Mendelssohn and Queen Victoria, Elgar and the Edwardians, this neat pairing of their works included Nikolaj Znaider continuing his world tour of Elgar’s Violin Concerto in its centenary year, an odyssey that was begun as recording sessions in Dresden during last year with Sir Colin Davis, the conductor who then re-united with Znaider in Boston early this year, and now in London (to the exact date of the first performance in 1910), and with New York engagements in early-December scheduled.
Znaider plays an on-loan violin made by Guarneri del Gesù in 1741 that was previously owned by Fritz Kreisler and believed to be the very instrument on which Kreisler gave the first performance of Elgar’s concerto, in London’s Queen’s Hall with the composer conducting. On this LSO occasion, passion and ambiguity (essential Elgarian qualities) were established in the lengthy orchestral introduction, pauses for thought too. Znaider (requiring the score, an aide memoire
) didn’t impose himself on the piece, the most virtuoso passages being classically ‘straight’, yet there was no lack of nobilmente
or intimacies, the latter bordering on the confidential. The first movement, given on the broadest of scales, covered much emotional ground, enough for the second to seem unsettled, overwrought even, and the finale to be discursive and, from Znaider, brusque at times. Yet when the ‘accompanied cadenza’ arrived it seemed an inevitable corollary to everything that had gone before – a distant world created – and the coming away from it was a glorious culmination. Just occasionally it seemed that Znaider might have played this work a little too much of late, yet he could not have had more faithful accompanists than Colin Davis and the LSO, the hug between violinist and conductor, and then between soloist and Leader (a rare sighting of Gordan Nikolitch these days) saying it all.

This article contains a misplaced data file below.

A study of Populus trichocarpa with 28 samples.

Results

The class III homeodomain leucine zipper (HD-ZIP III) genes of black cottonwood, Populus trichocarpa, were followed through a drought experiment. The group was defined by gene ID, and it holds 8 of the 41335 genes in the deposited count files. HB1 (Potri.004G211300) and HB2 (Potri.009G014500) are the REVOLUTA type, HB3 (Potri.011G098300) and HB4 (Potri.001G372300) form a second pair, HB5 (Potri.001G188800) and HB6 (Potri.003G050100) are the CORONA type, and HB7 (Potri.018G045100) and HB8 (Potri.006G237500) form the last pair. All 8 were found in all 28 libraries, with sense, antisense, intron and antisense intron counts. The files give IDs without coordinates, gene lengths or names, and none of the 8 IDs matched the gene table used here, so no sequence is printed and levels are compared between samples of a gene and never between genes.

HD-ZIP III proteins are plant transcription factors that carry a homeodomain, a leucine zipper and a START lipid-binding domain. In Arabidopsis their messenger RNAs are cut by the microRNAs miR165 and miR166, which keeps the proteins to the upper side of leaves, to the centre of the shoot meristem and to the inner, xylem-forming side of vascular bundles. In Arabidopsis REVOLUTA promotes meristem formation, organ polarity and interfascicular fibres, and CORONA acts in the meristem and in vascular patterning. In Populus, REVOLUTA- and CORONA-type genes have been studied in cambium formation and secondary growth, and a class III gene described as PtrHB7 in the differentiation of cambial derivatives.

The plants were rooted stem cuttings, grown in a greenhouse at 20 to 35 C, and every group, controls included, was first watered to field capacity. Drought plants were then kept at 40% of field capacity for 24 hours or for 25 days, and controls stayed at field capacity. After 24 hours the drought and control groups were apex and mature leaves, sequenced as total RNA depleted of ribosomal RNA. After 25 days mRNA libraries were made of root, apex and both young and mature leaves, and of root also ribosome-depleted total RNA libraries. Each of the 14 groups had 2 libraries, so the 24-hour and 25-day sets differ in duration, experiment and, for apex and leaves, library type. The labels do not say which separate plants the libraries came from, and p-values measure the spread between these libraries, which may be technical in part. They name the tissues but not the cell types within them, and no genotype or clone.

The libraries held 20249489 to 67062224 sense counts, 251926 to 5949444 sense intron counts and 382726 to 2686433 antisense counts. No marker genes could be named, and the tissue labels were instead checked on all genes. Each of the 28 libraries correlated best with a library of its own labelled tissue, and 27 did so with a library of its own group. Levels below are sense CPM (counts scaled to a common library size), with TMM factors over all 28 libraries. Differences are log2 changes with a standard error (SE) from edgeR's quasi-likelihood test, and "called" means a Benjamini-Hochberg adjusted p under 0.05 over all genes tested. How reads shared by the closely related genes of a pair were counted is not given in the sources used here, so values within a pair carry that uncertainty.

Earlier Mendelssohn’s ‘Scottish’ Symphony had received a satisfyingly integrated performance – from the expectant flow of the slow introduction to the joie de vivre
of the ultimate coda, Colin Davis and the LSO addressed the symphony as a four-movements-in-one whole, the attaccas
spot on, tempo-relationships seamless (the transition from opening Andante to main Allegro masterly in its turn, two sides of the same coin, the eschewing of the exposition repeat totally convincing within the overall design). Davis’s tempos were consistently moderate paying many dividends of point and expression, not least in the scherzo that emerged as playful rather than pressured. In short, this was ‘old pals’ making music artlessly.
And so to Emily Howard and the Elizabethan age and a further (typically unadvertised) LSO Discovery/UBS piece. Howard (born 1979) may describe the 7-minute Solar as a “musical image of our sun”, but in what appeared to be the first performance (to programme-book needed much searching to verify this!) the initial and potent high and low pitches established a polarity that were soon filled with baleful outbursts and the marking of time, an anguished lament that began from one of the least-audible of pianissimos that any violin section has ever attempted, the ensuing slow-burn crescendo seemed tragic in its implications, a dense, barbed wall of sound, a mix of post-Shostakovich Russians and Birtwistle leading to a brutal cut-off leaving the sound of a bell-stroke hanging the air. I seem to have called Solar in a totally different way to the composer’s intentions (I didn’t read her note until after the performance), but music is for the imagination and Solar seems to despair for mankind while also being inspiring as music.